Death to Stock aims to be a stock photo agency like no other

A sample of images from photo agency Death to Stock. Photo: Death to Stock

David Sherry and Allie Lehman are not out to kill anything. But when they named their growing photo agency Death to Stock, they were sending out a pretty strong signal. Not with malice toward this segment of the photo industry, but a tongue-in-cheek invitation to any person who has ever had to create something using expensive, mediocre photography from a stock agency.

The name as well as the pictures they produce have caught the eye of more than 230,000 subscribers since Sherry and Lehman started the agency in Columbus, Ohio, in 2013.

The value of the company, Sherry said, is growing fast — in large part because they distribute the work free of charge.

Bloggers, designers and other creative types who use photographs in their work are invited to sign up for the Death to Stock email list. Once a month, subscribers receive 10 photos focusing on a theme that can be used any way they see fit, providing they follow a few simple usage rules set forth on the agency’s website. The theme can be as concrete as music or coffee, or can be a conceptual idea, like “feel alive” or “step out of the expected.”

An undisclosed percentage of those subscribers have signed up for a premium package, paying $10 a month for access to Death to Stock’s library of images. They add as many as 10,000 new subscribers each month, Sherry said.

There a number of places online to find free photos. Unsplash sends 10 free photos every 10 days; Little Visuals, seven photos every seven days; and PicJumbo, a picture each day (this service also offers a premium membership at $6 per month).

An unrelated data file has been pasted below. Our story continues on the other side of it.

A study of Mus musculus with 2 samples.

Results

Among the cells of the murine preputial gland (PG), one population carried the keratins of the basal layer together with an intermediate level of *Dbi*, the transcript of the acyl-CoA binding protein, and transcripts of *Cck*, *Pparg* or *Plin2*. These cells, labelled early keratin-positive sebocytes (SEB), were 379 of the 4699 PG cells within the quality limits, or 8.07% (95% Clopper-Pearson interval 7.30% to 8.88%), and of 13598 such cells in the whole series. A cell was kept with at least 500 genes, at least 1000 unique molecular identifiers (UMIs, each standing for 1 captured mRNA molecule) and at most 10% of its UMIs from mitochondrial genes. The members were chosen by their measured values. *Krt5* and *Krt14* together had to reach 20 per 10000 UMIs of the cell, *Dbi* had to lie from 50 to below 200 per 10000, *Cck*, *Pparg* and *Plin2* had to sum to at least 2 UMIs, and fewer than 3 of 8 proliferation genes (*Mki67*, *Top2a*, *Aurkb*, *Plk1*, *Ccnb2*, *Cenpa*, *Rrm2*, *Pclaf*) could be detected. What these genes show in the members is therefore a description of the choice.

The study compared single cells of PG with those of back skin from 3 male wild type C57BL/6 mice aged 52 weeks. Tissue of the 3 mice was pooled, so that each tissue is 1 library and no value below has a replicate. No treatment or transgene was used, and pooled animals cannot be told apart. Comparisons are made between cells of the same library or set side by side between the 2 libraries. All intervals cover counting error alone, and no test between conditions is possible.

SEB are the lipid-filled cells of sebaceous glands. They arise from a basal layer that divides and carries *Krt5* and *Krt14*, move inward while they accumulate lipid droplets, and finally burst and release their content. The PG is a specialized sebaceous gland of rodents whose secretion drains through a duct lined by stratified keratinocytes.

“Art and payment is a fascinating topic, in that for an artist, I believe you share your work to be generous,” Sherry said. “It’s a gift you create to share with the world to see if you’re able to change someone. Over time, after you’ve built a real connection with an audience, when you do ask for payment in return, they gladly give it to you.”

Death to Stock founders David Sherry and Allie Lehman. Photo: Douglas Joseph/Serif Creative
Death to Stock founders David Sherry and Allie Lehman. Photo: Death to Stock

There are enough premium subscribers for Death to Stock to travel for shoots to grow their library. They even fund independent photo projects with the agreement that photos can be stored in the agency’s library.

Death to Stock also crowd-funds extended road trips to big cities and beautiful places. Those who chip in get a package of 100 photos from the trip.

In a way, it’s an accidental business. Sherry and Lehman, both self-taught photographers, had a treasure trove of photos and were not sure what to do with them. They began giving the photos away to friends in other creative fields and from there, the idea of Death to Stock blossomed.

“We’re helping people create who don’t have a budget,” he said. “We are always reviewing what our customers are using and that sparks ideas for deciding on the themes we shoot for. It’s not the stock way of doing things.”

Jimmy Daly, who edits a blog for email marketing software firm Vero, said he struggled at first to make his posts visual. He worked with a graphic designer to create illustrations but found this to be a cumbersome process.

He has used Death to Stock photos for six months and credits a growing number of pageviews to the new look the photos bring to the site.

Photos by Death to Stock are used often in an email marketing blog edited by Jimmy Daly. Photo: Death to Stock
Photos by Death to Stock are often used in an email marketing blog edited by Jimmy Daly. Photo: Death to Stock

“The pictures give our blog a premium look,” he said. “I may use a picture that is not related but it sort of parallels a story and builds a narrative. I like the look and feel.

“I feel like what they have done is built this community around the product. So many people are interested in what they are doing.”

As freelance budgets dwindle and photographers struggle to make a living, some photogs are quick to chide a colleague who charges too little or gives the work away for free. But Sherry and Lehman find their opportunities in the collective, which they believe knocks down barriers for all people in creative fields.

They are making a living, funding new projects and finding creative freedom, Sherry said.